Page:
BLOG – variations on a sweet-and-sour theme

I cooked my first sweet and sour dish in 1984. Pork, of course. The recipe came from Ken Hom’s Encyclopaedia of Chinese Cookery Techniques, a cookery book classic and one I bought the minute it came out that year, on foot of Ken’s successful BBC TV series. I still refer to this book on a regular basis.

Ken’s recipe for the sweet-and-sour sauce goes:

15ml Shaosing wine or dry sherry

15ml light soy sauce

15ml finely chopped garlic

15ml finely chopped fresh ginger root

30ml tomato purée

100ml Chinkiany vinegar – or 60ml cder vinegar

50g sugar or 3 Chinese sugar slabs

225ml chicken stock

15ml cornflour dissolved in 30ml cold chicken stock

15ml sesame oil

The pork cubes are marinated for at least 30 minutes in 15ml light soy sauce, 15ml Shaosing wine or dry sherry, ½ tsp salt and a beaten egg, then drained and blotted dry, dusted with a 50/50 mix of plain flour and cornflour then deep-fried in ground nut oil in a wok for 3 minutes. The oil is drained from the wok then the sweet-and-sour sauce ingredients (minus the cornflour dissolved in stock) are heated to the boil, together with half a pineapple’s worth of chunks. Then the pork is added, together with the cornflour and a teaspoon of sesame oil.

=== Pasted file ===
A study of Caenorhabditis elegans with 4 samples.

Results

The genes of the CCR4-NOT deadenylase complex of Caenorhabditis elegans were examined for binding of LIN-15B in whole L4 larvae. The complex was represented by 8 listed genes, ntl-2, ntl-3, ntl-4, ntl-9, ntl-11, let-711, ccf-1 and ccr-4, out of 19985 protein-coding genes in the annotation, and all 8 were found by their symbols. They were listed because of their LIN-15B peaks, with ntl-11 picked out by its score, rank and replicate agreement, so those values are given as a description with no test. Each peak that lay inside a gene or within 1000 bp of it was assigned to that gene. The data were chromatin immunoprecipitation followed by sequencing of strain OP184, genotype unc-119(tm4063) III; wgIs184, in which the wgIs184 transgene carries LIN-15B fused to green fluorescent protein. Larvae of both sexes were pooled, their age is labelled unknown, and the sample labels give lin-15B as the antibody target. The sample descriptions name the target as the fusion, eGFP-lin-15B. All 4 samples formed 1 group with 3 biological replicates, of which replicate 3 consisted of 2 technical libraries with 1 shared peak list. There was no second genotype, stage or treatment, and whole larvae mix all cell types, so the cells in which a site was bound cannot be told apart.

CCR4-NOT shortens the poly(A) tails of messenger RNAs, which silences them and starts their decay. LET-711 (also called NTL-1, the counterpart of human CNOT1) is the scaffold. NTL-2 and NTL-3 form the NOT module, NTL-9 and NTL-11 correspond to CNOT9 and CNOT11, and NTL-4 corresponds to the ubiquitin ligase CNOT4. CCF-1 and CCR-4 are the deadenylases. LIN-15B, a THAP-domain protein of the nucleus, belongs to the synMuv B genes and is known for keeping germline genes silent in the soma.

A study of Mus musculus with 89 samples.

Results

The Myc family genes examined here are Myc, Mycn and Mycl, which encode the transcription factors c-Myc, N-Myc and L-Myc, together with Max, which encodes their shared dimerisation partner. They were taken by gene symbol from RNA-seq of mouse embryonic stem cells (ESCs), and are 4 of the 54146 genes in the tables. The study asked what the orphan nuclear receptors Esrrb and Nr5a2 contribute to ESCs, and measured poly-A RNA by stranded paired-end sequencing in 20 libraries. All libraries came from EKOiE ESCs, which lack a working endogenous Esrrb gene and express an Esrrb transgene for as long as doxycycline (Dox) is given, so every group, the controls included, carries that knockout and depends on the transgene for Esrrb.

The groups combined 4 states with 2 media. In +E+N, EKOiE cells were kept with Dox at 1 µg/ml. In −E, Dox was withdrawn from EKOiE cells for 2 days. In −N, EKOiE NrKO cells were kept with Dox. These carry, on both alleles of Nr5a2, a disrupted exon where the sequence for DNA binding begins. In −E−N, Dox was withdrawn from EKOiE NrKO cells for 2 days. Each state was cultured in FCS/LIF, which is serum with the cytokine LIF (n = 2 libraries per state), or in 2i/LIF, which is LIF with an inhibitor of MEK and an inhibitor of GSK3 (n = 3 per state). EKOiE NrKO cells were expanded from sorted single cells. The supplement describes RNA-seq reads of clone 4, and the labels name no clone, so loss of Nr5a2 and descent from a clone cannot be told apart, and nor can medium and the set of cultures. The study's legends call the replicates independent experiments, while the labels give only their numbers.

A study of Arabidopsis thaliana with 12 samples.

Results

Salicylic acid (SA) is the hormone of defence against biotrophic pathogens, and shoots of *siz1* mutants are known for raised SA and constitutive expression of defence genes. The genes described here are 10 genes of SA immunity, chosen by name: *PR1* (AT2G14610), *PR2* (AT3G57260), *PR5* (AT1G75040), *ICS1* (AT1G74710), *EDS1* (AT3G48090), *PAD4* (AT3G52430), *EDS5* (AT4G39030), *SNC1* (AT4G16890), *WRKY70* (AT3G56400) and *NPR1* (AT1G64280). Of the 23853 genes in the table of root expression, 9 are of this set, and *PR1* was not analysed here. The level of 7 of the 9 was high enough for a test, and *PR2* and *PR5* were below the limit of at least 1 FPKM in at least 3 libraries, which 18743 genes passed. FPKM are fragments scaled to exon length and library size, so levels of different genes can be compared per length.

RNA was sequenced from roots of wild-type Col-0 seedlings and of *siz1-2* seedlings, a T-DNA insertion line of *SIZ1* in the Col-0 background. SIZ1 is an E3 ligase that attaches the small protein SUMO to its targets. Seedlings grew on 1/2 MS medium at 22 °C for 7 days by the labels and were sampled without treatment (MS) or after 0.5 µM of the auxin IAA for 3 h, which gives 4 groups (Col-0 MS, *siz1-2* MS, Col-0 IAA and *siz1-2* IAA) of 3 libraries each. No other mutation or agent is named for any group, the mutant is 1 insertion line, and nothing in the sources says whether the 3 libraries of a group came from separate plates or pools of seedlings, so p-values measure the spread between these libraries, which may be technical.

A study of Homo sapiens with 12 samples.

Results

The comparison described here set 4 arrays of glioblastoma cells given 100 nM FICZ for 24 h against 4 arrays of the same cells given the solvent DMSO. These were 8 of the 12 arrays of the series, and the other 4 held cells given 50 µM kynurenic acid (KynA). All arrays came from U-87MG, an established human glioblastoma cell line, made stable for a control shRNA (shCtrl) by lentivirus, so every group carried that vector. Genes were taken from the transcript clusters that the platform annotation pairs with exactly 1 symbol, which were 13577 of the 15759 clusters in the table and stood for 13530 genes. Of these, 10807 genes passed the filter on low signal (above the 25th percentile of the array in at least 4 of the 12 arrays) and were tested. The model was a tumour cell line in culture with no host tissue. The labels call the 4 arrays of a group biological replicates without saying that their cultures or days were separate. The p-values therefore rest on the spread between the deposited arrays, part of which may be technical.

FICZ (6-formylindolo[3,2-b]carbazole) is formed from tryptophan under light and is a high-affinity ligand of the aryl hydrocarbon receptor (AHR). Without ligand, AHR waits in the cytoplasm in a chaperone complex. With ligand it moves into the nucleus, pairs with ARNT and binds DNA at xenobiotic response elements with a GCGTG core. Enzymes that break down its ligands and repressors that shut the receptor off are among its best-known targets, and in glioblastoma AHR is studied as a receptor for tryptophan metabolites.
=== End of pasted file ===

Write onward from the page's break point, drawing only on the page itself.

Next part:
In the text Ken warns about over-thickening, making the sauce too sweet and having it end up a day-glo red hue.

And there you have it. Sweet-and-sour, yin and yang, is all a question of balance.

Since those days, when I followed the recipe implicitly, I’ve experimented. Hallelujah Day One was when I found if I started with a base of fried finely chopped onion, ginger, garlic, tomato purée and a small pinch of five spice I could dispense with the cornflour and get a cleaner flavour, building up the sauce gradually by adding the stock a little at a time (like I do with a bolognaise sauce) Day Two came when I discovered palm sugar – after I developed an interest in cooking Thai food – gave a more subtle sweetness than granulated white.

Since then I’ve done other tweeks including: adding a little or a lot of finely chopped chilli; cooking half a lemon or lime in the sauce – the sweet element has to be adjusted to take account of this; using honey, maple syrup, even pomegranate molasses to get a different flavour/texture; adding a handful of roughly chopped fresh coriander at the last minute. Infinite variety.

 

Ken Hom’s Encyclopaedia of Chinese Cookery Techniques is no longer in print but if you can find one second hand, buy it.